Britain’s media regulator Ofcom has formally submitted the findings of its review of 21st Century Fox’s proposed £11.7B (($14.7B) takeover of pay-TV giant Sky as planned. The report, which was conducted to assess issues of media plurality, was received by UK Culture Secretary Karen Bradley on Tuesday and, as expected, contents of the report have not been disclosed.
In March, Ofcom was instructed to investigate Fox’s bid to acquire the 61% share of Sky which it did not already own as a matter of public interest. Bradley issued a European intervention notice requesting Ofcom to report by May 16 to the department with regard to both plurality and commitment to broadcast standards. (That date was shifted to today after British Prime Minister Theresa May called a snap general election on June 8).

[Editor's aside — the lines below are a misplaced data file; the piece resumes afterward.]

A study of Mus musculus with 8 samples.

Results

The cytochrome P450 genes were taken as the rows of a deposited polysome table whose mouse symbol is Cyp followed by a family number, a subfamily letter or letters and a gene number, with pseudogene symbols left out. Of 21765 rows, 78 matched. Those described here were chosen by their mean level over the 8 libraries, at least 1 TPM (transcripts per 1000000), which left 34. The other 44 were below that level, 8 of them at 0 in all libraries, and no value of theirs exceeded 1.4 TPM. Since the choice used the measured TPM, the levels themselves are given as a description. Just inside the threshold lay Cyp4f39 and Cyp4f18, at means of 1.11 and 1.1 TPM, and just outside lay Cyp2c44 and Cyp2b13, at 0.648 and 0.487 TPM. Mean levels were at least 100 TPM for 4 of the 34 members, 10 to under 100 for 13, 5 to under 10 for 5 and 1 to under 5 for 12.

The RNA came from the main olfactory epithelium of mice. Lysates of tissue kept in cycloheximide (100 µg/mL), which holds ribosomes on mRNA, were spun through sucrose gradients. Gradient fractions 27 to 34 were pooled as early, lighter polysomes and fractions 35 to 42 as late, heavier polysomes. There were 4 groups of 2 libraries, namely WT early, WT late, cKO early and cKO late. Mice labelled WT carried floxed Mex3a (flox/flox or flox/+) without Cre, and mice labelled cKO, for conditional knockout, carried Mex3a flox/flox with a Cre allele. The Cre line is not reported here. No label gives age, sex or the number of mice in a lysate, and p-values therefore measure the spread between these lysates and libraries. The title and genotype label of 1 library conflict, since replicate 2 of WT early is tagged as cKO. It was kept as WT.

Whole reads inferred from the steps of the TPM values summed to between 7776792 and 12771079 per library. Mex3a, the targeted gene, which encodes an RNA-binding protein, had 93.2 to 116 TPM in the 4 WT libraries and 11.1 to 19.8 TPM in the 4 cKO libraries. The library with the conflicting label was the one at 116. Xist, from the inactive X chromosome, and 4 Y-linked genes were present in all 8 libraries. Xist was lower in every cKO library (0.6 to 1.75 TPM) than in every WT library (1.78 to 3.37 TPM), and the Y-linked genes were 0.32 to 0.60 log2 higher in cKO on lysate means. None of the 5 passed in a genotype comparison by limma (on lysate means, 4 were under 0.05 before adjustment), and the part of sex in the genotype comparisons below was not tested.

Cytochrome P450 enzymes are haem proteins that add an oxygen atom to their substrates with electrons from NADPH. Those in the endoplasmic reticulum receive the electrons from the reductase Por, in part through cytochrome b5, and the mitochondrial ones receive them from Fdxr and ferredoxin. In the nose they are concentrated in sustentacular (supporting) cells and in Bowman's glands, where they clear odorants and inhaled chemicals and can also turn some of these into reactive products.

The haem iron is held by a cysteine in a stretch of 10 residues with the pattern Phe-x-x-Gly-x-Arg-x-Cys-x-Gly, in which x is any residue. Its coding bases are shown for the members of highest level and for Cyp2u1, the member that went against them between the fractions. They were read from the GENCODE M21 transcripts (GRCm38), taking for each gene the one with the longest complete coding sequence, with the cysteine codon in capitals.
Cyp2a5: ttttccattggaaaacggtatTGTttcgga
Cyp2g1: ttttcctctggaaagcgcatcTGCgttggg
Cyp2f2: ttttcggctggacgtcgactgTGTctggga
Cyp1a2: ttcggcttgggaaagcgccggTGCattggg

In a statement on Tuesday, Ofcom confirmed the submission of the “public interest report” saying that “the Secretary of State will now decide whether to refer the proposed deal to the Competition and Markets Authority for a ‘phase’ two inquiry.” It said a decision on this was expected to be made by June 29.
Ofcom has an ongoing duty to be satisfied that the holders of broadcast licenses are fit and proper to hold such licenses. The public interest test that Ofcom had been asked to make and the fit and proper test are separate legal processes.
This isn’t the first time the Murdochs have been down the fit and proper path. In 2011, the UK phone-hacking scandal forced the then-News Corp to scrap a deal to acquire the rest of Sky, a takeover long-coveted by Murdoch Sr.